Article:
Woman Who Claimed Sexual Harassment to be Charged with Assault
POINT MUGU, Calif. (AP) _ One of four women who accused male members of a naval air squadron of sexual harassment will be charged with breaking the foot of an investigator. The men will not be charged, the Navy said.
Navy investigators found nothing to substantiate the accusations by four female members of Air Test and Evaluation Squadron 9 against four senior enlisted officers, the squadron’s commanding officer, Capt. Craig Weideman, said Thursday.
But Weideman said he has decided to pursue criminal assault charges against one of the accusers. The woman, who was not identified, reportedly flew into a rage while being re-interviewed by criminal investigators and allegedly fractured a bone in one agent’s foot.
``She has done some things wrong, physical assault,″ Weideman said. ``The Navy cannot send a message of letting people walk away from things like that.″
The woman’s Navy-appointed defense counsel, Lt. Adam Paul Stoffa, declined to comment on specific charges, but said: ``The manner in which these young ladies have been treated is very interesting.″
The probe began in early April after several women complained to a career counselor of improper sexual comments and grabbing by their senior enlisted officers in the squadron known as VX-9.
The Navy took the matter seriously _ as it has for all sexual harassment allegations since the Navy’s 1991 Tailhook scandal, said Marilyn G. Hourican, who runs the local office of the Naval Criminal Investigative Service.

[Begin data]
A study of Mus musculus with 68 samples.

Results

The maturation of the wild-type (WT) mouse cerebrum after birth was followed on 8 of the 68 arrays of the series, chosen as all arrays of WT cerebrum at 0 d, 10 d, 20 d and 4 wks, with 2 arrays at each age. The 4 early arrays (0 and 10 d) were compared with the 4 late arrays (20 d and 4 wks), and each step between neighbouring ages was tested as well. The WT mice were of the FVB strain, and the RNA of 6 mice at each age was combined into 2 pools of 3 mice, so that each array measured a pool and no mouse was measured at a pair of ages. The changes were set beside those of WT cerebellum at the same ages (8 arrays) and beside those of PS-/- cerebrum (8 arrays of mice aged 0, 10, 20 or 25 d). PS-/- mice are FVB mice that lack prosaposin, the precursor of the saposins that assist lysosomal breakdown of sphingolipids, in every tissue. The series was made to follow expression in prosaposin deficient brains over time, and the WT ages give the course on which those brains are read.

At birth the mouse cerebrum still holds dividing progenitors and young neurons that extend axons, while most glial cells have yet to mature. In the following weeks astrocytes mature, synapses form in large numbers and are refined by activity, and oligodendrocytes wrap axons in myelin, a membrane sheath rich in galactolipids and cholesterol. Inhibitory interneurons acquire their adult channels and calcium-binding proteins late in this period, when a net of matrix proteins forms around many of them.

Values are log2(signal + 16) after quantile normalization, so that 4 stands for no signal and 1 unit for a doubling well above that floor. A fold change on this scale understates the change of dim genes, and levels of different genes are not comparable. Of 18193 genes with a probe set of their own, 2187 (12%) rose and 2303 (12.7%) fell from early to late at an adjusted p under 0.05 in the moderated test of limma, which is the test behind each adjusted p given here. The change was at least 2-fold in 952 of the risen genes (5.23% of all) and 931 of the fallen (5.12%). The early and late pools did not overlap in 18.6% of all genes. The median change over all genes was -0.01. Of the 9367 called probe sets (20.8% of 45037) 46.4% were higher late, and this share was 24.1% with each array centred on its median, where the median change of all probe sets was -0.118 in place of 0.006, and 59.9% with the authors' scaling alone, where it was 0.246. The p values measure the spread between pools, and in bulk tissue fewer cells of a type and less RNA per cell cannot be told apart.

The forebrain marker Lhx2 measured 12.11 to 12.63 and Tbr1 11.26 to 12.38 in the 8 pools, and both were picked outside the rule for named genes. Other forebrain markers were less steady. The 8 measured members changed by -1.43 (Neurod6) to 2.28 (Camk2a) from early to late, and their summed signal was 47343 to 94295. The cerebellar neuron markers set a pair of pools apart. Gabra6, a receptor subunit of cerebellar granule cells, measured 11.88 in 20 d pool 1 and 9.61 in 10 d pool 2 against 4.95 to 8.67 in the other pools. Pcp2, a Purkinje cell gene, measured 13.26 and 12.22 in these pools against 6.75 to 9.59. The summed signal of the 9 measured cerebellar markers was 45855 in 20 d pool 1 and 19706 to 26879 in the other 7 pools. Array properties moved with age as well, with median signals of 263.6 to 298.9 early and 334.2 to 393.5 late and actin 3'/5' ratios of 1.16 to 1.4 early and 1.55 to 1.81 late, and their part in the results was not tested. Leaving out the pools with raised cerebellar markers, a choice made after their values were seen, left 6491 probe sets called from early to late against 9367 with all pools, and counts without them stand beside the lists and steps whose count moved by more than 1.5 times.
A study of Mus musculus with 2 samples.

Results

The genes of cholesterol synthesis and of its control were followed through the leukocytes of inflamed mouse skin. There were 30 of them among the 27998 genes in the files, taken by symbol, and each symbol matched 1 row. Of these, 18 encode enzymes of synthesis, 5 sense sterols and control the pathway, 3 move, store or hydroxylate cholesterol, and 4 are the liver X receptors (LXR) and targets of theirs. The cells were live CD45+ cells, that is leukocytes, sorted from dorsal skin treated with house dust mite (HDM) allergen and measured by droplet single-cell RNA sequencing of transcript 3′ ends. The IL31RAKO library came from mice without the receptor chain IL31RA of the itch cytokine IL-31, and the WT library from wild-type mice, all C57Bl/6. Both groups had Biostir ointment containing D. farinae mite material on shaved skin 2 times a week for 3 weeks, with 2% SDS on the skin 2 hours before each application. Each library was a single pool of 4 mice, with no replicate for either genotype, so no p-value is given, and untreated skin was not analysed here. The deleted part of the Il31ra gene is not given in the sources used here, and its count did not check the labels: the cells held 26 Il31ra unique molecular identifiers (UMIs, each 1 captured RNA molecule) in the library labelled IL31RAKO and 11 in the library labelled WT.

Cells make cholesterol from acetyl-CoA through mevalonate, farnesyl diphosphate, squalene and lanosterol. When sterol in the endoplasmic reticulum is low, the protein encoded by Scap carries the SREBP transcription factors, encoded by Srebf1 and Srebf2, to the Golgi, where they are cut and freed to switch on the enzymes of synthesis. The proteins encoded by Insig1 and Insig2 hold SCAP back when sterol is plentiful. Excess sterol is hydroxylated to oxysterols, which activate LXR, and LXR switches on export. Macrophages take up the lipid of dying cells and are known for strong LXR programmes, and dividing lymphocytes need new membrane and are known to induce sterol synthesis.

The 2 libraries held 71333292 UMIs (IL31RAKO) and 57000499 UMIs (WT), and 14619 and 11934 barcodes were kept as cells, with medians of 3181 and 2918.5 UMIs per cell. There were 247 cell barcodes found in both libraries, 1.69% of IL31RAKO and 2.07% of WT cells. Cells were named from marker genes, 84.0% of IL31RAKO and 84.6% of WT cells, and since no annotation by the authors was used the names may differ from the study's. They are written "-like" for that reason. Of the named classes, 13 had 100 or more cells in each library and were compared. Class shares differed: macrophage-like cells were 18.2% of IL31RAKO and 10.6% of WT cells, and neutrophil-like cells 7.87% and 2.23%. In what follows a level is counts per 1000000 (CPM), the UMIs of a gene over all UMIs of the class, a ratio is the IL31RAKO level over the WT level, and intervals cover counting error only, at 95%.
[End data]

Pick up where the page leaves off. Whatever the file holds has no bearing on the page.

Investigators interviewed dozens of people, but failed to find any witnesses who could corroborate what the women said.
``Beyond the initial allegations,″ Hourican said, ``there was little to support what the victims said. But to be fair, usually these things don’t occur when witnesses are around.″
Two of the male officers accused of harassment have returned to the Point Mugu detachment of the squadron, a third has retired and the fourth was transferred to a Navy base in Washington state.
The woman who will be charged with assault has been temporarily assigned to other duties at Point Mugu. The other three accusers have been transferred or reassigned to other Naval installations.
If convicted in a court-martial, the woman faces up to six months in jail, forfeiture of two-thirds of her pay for six months, a demotion in rank and a bad-conduct discharge.
Her attorney and a Navy-appointed prosecutor are trying to negotiate a pretrial agreement, Weideman said.